10 things students can do to show initiative and stand out

Janice Mook
  • Since many universities emphasise the value of extracurricular activities, it’s important to get out and find yourself a project
  • Start a blog if you like to write, spend time volunteering or attend online classes and workshops
Janice Mook |


Besides fulfilling academic requirements, many universities emphasise the value of a multidisciplinary secondary school life. This means your participation in extracurricular activities could be crucial in getting into your preferred course. Yet, with most events being scrapped due to Covid-19, you are perhaps fretting about your hollow CV.

But not to worry. Instead of waiting for an opportunity to fall into your lap, why not start your own project, such as setting up a student-led organisation or becoming a writer, composer or speaker? It is in your hands to make the best out of it.

Here is a list of 10 things you could do to make yourself shine as the end of the academic year looms.

Check out Lingoscope if you want to practise your foreign language

Start a blog

If you experience a sudden impulse to write, you should definitely create your own blog. You could first explore major blogging sites, such as WordPress, Wix, Blogger and Weebly, to get an idea of the process. There are also free step-by-step tutorials online that teach beginners how to make a blog quickly and easily.

Build an app

For starters, you could join your school programming club or follow online tutorials to learn basic coding systems such as Java, Python, html and C++. When you become familiar with the syntax, you can use software including Android Studio, Xcode or Google Flutter to build an app. Again, there are lots of free online resources to help you along the way.

Learning how to build an app could be a fun and useful skill.

Set up an NGO

Recently, there’s been a surge in student-led civic organisations on social media networks such as Instagram, both locally and abroad. Each one has a unique mission, such as raising awareness of climate issues, providing linguistic resources, or spreading positive messages about racial equality. You could join hands with a group of teenagers to set up an organisation that would help society.

Create a public channel

If you love to create videos, take advantage of platforms such as YouTube and Instagram to share your day-to-day life. You don’t need to have special talents like a cappella singing or freestyle football to set up your channel. Just build your fan base from scratch.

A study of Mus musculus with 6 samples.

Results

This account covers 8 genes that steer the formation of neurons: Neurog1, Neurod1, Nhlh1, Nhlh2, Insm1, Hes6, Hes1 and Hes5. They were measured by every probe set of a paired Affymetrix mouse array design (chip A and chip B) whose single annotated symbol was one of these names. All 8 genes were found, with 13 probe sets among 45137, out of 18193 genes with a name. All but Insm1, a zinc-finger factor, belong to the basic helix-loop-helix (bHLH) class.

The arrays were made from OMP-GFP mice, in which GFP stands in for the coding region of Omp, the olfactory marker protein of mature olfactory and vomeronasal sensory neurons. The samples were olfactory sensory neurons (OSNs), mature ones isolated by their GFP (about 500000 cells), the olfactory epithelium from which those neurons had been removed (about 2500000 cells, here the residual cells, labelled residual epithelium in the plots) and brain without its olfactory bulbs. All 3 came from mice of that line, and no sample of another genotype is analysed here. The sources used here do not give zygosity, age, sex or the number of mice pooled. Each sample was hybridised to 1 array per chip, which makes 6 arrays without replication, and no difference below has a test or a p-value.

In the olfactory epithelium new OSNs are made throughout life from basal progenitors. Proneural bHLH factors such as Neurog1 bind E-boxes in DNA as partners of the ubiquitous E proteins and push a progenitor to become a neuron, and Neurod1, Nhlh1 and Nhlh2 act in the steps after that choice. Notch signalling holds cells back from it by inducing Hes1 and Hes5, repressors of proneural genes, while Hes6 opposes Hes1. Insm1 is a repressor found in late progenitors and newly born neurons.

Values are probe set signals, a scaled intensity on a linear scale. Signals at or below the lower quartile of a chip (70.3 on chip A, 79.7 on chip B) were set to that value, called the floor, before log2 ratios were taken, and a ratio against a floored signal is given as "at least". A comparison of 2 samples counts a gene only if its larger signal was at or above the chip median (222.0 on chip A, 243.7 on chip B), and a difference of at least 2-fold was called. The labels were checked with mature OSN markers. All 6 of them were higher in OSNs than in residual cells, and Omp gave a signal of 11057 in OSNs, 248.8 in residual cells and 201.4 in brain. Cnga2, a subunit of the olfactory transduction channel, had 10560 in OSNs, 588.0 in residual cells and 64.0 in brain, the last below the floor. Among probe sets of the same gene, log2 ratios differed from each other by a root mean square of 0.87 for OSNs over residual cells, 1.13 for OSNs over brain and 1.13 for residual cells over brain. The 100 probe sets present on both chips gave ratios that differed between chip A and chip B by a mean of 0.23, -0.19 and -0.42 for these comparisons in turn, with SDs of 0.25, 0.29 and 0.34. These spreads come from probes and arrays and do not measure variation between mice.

Check out Hong Kong-based YouTuber Hanna Vaharanta for inspiration

Compose a piece

Apart from writing a fictional story, you may consider composing a musical piece ranging from classical, lo-fi and EDM to pop music. Even if you haven’t had any music lessons, you can find inspiration to produce your own melody and lyrics by using apps such as Flat and GarageBand, which are quite user friendly. When you have polished the piece, share it with the world on SoundCloud, BandCamp or Mixcloud.

Register for online workshops

There are heaps of programmes being organised by local universities. Here are a few: HKUST’s Virtual Science Talks, CityU-Learning Classroom, and HKU’s Easter Taster programme. All of them cater to students from secondary schools in Hong Kong. Some are even free of charge, which is the cherry on top.


Perhaps Covid-19 is a time to hone your public speaking and research skills. With the rise in student volunteers around the globe, you can easily find free online Model United Nations conferences to sign up for during the weekends. In addition, this will help you become more aware of your surroundings and maintain a healthy social life.

Read books, watch documentaries

As teachers say, they are standard outlets to kill time while enhancing your knowledge. Pick up memoirs, biographies and documentaries on topics that interest you. But remember this: write down what you have taken in and your feelings, and store them for later use, which could be for your personal statement to prospective universities or maybe just to carry on a conversation.

What are your favourite types of documentaries to watch?

Volunteer services

Volunteering is a “must” for teenagers; it provides hands-on experience that you can’t learn in school. It also helps you gain new skills, meet new friends, experience different cultures and become well-rounded individuals.

Join YP Junior Reporters’ Club

Last but not least, join the YP Junior Reporters’ Club! We have workshops, interviews with celebrities, live reporting, food tasting and writing opinion pieces and reviews. It’s a great launch pad for aspiring writers and reporters aged 12 to 18 as they gain experience in journalism. While working alongside other teens on JR projects, they can also forge long-lasting friendships.

In the grand scheme of things, teens can turn their ideas into reality, starting now.